Problem when logging in and out

I have recently (the other day) reinstalled a fresh copy of UM 16.04 LTS 64 bit.

However, a novel issue has arisen.

When the system is booting up, just prior to the login screen, it locks up. However, if I switch off my monitor, the boot-up/login resumes. If I wait a few seconds and then switch the monitor back on, it is at the login screen and I am able to enter my password and click the login button. But, it then completely freezes again. Once more, if I switch off the monitor, the login will resume and when I switch the monitor back on again, I am now in the session and all works as it should.

But, when I go to log out, I have the same problem in reverse, more or less. That is to say, after invoking the logout, the screen drops to the usual console and displays the logging off processes, but then locks up a fews seconds in. The only way to unlock it is to switch off the monitor, at which point the logging off will complete.

I have never experienced this problem before and so am very interested as to what is causing it.

I am guessing it is a GPU/monitor issue and so, for clarity, the GPU I am using is Radeon R7 200 and the “monitor” I am using is actually a bog standard supermarket LCD TV with an HDMI input

I should also note, this issue was not present when I first installed. However, since then, I have installed the Ubuntu studio meta package and have implemented all updates/upgrades. Somewhere in that process is when the problem began. But, I cannot say precisely where.

Any advice/help gratefully received.

Just thinking outloud…

It sure sounds like graphics but I was looking at what ubuntustudio-desktop adds. A Plymouth theme caught my eye. That is consistent with up AND down but not login to the desktop.

What happens with a Console Mode boot?

I wonder if systemd-analyze blame might provide a direction. If it hangs everything, then everything may just show high times making it useless.

The latest ISO, and this is relatively new to this LTS, uses the hwe (Hardware Enablement) kernel so the LTS tries to keep up on new hardware but I’m not convinced it solves more problems than it causes. You probably have the 4.10 kernel while an original ISO uses 4.4. You could test the 4.4 kernel.

EDIT: I just tried a VM installed with 16.04.3 ISO (4.10 kernel). One meta package linux-generic pulls in the entre 4.4 kernel but you have to explicitely select it in grub. I didn’t see where UbuntuStudio installs real-time or low-latency kernels - thought it did.

Yes, it installs the low latency kernel. Which is what I am now running on since installing the Ubuntu Studio metapackage.

4.4.0-93-lowlatency, to be precise.

Also, I didn’t install the desktop, just the audio, graphics and video packages and the low latency kernel:


sudo apt-get update && sudo apt-get upgrade && sudo apt-get install linux-lowlatency && sudo apt-get update && sudo apt-get upgrade && sudo apt-get install ubuntustudio-audio ubuntustudio-audio-plugins ubuntustudio-graphics ubuntustudio-video

Is the older kernel still available to try?

I’ll have a check and get back


The low latency kernel is the culprit. I am now running on:


And the problem has vanished.

Ultimately, it’s probably the kernel and graphics combo. Changing either is a new roll of the dice.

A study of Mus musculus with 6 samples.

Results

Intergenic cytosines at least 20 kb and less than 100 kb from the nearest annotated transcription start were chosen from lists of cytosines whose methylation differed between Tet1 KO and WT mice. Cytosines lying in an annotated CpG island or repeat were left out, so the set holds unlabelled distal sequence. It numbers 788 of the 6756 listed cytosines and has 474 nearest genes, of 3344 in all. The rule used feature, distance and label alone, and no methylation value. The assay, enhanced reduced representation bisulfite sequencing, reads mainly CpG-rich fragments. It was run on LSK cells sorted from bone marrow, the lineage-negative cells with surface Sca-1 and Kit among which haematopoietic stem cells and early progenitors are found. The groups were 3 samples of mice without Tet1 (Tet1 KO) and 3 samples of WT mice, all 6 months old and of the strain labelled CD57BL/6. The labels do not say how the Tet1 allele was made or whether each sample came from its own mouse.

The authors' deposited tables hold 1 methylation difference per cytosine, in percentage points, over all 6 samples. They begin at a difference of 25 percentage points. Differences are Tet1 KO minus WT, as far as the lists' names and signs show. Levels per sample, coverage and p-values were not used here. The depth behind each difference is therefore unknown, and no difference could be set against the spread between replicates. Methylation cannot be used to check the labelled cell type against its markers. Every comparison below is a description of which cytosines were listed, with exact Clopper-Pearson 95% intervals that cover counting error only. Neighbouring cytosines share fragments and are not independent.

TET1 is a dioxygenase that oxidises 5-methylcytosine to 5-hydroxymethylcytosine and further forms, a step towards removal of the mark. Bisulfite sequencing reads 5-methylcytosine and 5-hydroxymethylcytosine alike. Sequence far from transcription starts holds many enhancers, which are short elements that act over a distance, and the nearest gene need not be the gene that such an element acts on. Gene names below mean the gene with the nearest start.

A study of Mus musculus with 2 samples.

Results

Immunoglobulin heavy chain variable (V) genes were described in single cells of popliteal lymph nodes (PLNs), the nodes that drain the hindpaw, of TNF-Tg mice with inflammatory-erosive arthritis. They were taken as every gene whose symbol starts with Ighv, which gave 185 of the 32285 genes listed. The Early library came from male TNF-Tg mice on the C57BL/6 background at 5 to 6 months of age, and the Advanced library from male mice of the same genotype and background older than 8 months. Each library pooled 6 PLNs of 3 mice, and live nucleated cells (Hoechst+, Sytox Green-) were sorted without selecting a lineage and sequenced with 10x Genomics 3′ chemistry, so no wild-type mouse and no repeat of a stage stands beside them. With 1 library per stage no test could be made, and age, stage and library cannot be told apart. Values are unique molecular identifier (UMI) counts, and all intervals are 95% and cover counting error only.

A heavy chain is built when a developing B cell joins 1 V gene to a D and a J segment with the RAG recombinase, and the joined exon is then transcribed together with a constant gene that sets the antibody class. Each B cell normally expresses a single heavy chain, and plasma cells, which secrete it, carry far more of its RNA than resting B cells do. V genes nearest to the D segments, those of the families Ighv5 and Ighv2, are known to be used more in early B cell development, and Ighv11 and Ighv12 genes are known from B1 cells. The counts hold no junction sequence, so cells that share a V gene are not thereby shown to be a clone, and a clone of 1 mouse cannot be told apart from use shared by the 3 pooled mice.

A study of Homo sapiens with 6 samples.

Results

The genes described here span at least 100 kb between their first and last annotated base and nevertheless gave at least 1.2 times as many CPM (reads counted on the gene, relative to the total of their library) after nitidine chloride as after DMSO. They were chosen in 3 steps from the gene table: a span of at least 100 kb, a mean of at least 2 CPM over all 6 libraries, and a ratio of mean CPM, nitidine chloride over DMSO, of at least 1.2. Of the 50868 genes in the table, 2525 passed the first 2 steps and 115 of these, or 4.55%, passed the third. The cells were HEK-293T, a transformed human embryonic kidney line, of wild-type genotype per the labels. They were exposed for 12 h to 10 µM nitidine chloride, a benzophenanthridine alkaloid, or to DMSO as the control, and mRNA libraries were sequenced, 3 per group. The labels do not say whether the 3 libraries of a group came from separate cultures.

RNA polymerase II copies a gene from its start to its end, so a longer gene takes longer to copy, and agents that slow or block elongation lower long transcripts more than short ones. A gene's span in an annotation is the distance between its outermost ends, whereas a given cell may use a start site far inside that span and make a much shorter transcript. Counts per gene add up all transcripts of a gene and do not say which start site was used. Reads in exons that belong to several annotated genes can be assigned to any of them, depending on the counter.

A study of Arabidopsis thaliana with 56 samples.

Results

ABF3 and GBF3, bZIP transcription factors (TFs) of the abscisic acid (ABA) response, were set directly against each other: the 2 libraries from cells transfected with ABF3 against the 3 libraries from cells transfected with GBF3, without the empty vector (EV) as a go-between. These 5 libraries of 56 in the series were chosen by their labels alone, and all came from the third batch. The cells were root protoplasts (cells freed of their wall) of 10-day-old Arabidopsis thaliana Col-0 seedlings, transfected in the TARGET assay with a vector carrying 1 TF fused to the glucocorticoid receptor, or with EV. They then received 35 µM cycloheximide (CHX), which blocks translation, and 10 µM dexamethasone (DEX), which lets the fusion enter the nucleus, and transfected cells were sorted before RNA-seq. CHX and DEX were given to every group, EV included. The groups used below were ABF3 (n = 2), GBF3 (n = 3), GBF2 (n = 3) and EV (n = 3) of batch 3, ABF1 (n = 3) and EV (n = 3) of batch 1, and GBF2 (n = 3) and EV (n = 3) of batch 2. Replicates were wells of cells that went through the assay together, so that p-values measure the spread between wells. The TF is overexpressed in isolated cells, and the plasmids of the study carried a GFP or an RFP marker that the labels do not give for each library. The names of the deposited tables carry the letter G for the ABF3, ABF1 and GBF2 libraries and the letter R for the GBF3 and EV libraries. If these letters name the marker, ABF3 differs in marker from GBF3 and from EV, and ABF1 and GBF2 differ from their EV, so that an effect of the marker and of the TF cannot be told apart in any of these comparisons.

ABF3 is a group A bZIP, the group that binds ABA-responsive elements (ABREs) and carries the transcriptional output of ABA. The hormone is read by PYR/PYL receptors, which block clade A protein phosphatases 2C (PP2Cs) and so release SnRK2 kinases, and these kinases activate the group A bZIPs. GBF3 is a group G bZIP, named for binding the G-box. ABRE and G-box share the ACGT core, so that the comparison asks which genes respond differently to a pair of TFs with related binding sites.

Well, I am stuck with the GPU driver as it is the open source one because AMD have stopped producing a propriety one

So, changing kernel is my only option

The thing is, I have been using that version of the low latency kernel right up to the reinstall. I have a strong suspicion that some upgrades that are present in newer kernels are are pushed back as rolling “updates” to old kernels sitting in the repos so that they cannot be relied upon to remain as they were when reinstalled.

Are you using the AMD proprietary driver? If you are, it might be worth trying this:

  • Use the “normal” kernel and revert back to the open source driver, reboot.
  • Install the low latency kernel, this will rule out the open source drivers breaking.
  • If it works, try installing the AMD driver. This should build/install it against the kernel it’s running.

Edit: Ahh sorry, post sent at the same time. I forgot about the situation with older AMD cards and newer Ubuntu versions, particularly Xorg.

There is no AMD driver now. There hasn’t been for over a couple of years. Or, have a I got that wrong?

In any event, it is the open source driver that is in use and so this is what has been running against both the generic and low latency kernel

A few more rolls of the dice. These meta packages are for the lowlatency kernel:


They are for 4.10 and 4.11 (bleeding edge as it gets in 16.04 repository)

EDIT: Just FYI, removing the meta packages, I think, allows autoremove to cleanly get rid of them. But later kernel numbers I’m not sure if it works.

Both the 4.4.0-93-lowlatency and the 4.4.0-92-lowlatency kernels are giving the same problem. But, I am absolutely certain that I was using at least the 4.4.0-92-lowlatency kernel prior to the reinstall of the system. So, as I mentioned earlier, I am convinced that certain aspects of new kernels are somehow sometimes sent backwards to old kernels as updates/upgrades. Which, is actually really irritating because it means there can be no certainty.

Anyway, I am going to do a bit more testing and will report back.